Family Bonds Over Love of Mountain Biking


Tanner Jesperson, junior, rides over an obstacle on a trail at Castlewood State Park. “Racing is very dangerous, and it is definitely not for the faint of heart,” Tanner said. “However, I think it is important to just keep hopping back onto the bike and tackling the challenge again and again. It is the only way you can grow.” Tanner, along with his siblings, compete in mountain bike races with the Rockwood Interscholastic Cycling Association (NICA).

Racing down the trails at Castlewood State Park, Tanner Jesperson, junior, quickly realised something was wrong. 

During his first ride mountain biking, he and his dad had taken a wrong turn onto a much more difficult trail where he ended up crashing with his leg stuck in the bike and was forced to walk the rest of the mile and a half trail to avoid injuries.

Though he had this rough start over five years ago, through practice and determination Tanner developed a love for the sport.

“It has definitely taken a long time to get to where I am today,” Tanner said. “It has taught me a lot about grit, perseverance, overcoming fears and not giving up.”

Tanner, along with the rest of his family, have been mountain biking together for years on various courses around the country. They used their free time during the pandemic to build their own trial in the woods behind their house.

“It was a great family project to tackle during the pandemic and it definitely brought us closer together,” Tanner said.

Though he sees it as a positive family venture, Tanner said mountain biking often proves to be dangerous with crashes resulting in scrapes and bruises or worse. 

“The biggest challenges I have overcome are mental blocks,” Tanner said. “Some of the stuff you do on a mountain bike can be pretty scary, but sometimes you just have got to trust yourself. My Dad always says, ‘If you don’t have any scratches at the end of the ride, were you even trying?’”

Like any activity, don’t try to do too much too soon. You’ll likely get hurt and discouraged, so I don’t put any pressure on my kids. It’s all about exploring and having fun. The best rider in the world is simply the one having the most fun.”

— Matthew Jesperson

Tanner began to develop his passion for mountain biking after his family moved to Missouri, and his father, Matthew Jesperson, reignited an old passion for the sport. Matthew grew up in Salt Lake City, Utah, surrounded by mountains, and mountain biking served as a childhood pastime for him. 

Matthew said his family has always been big fans of the outdoors, and they found the terrain in the St. Louis area to be hilly with deep enough forests to create fast and enjoyable trails.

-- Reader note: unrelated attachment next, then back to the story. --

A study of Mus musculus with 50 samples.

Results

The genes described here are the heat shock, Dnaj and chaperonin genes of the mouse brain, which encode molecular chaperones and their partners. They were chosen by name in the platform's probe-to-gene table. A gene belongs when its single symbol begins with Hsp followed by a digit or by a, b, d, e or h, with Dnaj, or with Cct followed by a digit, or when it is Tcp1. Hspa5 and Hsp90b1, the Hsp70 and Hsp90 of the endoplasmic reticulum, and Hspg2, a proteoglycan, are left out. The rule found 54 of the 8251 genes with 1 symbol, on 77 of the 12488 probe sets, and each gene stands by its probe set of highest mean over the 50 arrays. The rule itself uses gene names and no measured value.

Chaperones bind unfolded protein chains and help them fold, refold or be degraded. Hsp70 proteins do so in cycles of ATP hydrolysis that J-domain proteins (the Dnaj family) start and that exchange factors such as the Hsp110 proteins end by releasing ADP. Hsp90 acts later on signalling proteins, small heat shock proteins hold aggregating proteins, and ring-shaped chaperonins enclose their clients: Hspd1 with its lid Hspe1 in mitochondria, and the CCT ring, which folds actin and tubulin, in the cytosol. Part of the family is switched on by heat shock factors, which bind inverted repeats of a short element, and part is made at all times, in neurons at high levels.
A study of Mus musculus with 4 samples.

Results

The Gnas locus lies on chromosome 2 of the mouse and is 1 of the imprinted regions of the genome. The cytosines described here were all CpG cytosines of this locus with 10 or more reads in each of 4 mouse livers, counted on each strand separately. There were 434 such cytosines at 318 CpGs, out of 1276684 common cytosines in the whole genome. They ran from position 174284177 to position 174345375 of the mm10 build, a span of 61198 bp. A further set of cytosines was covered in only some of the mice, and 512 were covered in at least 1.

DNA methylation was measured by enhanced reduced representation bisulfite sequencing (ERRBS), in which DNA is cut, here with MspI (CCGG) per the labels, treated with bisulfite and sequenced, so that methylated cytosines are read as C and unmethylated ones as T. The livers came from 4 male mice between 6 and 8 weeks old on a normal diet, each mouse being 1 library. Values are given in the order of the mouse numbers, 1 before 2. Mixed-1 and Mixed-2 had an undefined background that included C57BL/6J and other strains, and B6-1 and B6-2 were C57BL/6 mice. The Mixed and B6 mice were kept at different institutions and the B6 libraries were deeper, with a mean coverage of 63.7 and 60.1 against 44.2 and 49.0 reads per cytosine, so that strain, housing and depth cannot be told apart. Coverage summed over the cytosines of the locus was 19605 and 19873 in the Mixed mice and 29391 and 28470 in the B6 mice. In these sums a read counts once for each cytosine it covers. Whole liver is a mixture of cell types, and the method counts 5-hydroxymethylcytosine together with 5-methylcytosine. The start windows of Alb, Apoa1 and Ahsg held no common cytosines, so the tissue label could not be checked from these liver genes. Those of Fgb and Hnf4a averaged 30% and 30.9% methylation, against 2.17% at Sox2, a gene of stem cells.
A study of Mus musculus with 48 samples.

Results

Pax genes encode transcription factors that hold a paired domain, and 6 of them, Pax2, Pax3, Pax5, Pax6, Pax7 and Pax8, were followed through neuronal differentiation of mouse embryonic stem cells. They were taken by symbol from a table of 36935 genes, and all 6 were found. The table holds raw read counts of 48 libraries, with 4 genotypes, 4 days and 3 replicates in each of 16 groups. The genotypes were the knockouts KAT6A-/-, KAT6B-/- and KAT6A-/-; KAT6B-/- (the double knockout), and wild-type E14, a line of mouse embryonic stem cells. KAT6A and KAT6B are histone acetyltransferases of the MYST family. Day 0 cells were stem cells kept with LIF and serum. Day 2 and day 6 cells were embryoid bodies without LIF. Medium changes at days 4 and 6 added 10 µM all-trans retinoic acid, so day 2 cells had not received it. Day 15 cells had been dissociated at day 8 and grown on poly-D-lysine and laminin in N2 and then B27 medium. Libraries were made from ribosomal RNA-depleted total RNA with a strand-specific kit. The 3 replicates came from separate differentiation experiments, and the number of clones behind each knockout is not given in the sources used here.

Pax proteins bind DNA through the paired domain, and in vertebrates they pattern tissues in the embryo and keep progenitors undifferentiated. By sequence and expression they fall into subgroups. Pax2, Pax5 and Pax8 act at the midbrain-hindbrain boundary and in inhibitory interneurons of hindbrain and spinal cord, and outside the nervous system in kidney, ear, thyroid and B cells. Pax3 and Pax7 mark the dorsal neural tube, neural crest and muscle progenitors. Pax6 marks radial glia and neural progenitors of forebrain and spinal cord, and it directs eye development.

“You’ve got to get out on the bike consistently to improve, so we ride together as much as we can,” Matthew said.

Over time, the design of mountain bikes themselves have improved, allowing riders to take on more challenging courses, and Matthew said it is exhilarating to have been able to watch his kids experience the thrill of riding and to work with them along the way. 

“Like any activity, don’t try to do too much too soon. You’ll likely get hurt and discouraged, so I don’t put any pressure on my kids,” Matthew said. “It’s all about exploring and having fun. The best rider in the world is simply the one having the most fun.” 

Kate Jesperson, freshman, has taken her love of mountain biking to the next level as she is a part of The Rockwood Composite Vipers, a team that is a part of the National Interscholastic Cycling Association (NICA). 

The group is composed of both middle school and high school students and competes against other NICA teams on the weekends. Kate said she can have practice for this team up to three times during the week, and would love to practice more on her own, but her other time commitments leave  her missing practices. 

“I am trying to do my best that I can with being able to go to the practices, so I am not always able to make it to every single one,” Kate said. “The practices I am able to make it to are super fun.”

Though she is passionate about the sport, Kate said often times it can become frustrating having to explain the concept of biking on trails versus biking on actual mountains.

“A lot of the time in these situations they don’t really get how cool yet dangerous this sport that I do is, which is always a kind of a bummer,” Kate said.

Growing up having ridden with her family, Kate said stepping into a team environment was stepping into a male dominated arena. With only four girls on her team of 40-60 people, she has been able to stand out and impress her fellow teammates. 

Kate said she has received lots of compliments on her talent, as many people are surprised to see her taking on as difficult trails as she does as a girl on the team.

“It’s cool that they are impressed, but I wish that they wouldn’t act all surprised all the time,” Kate said. “We can totally do anything they do, if not better in some cases.”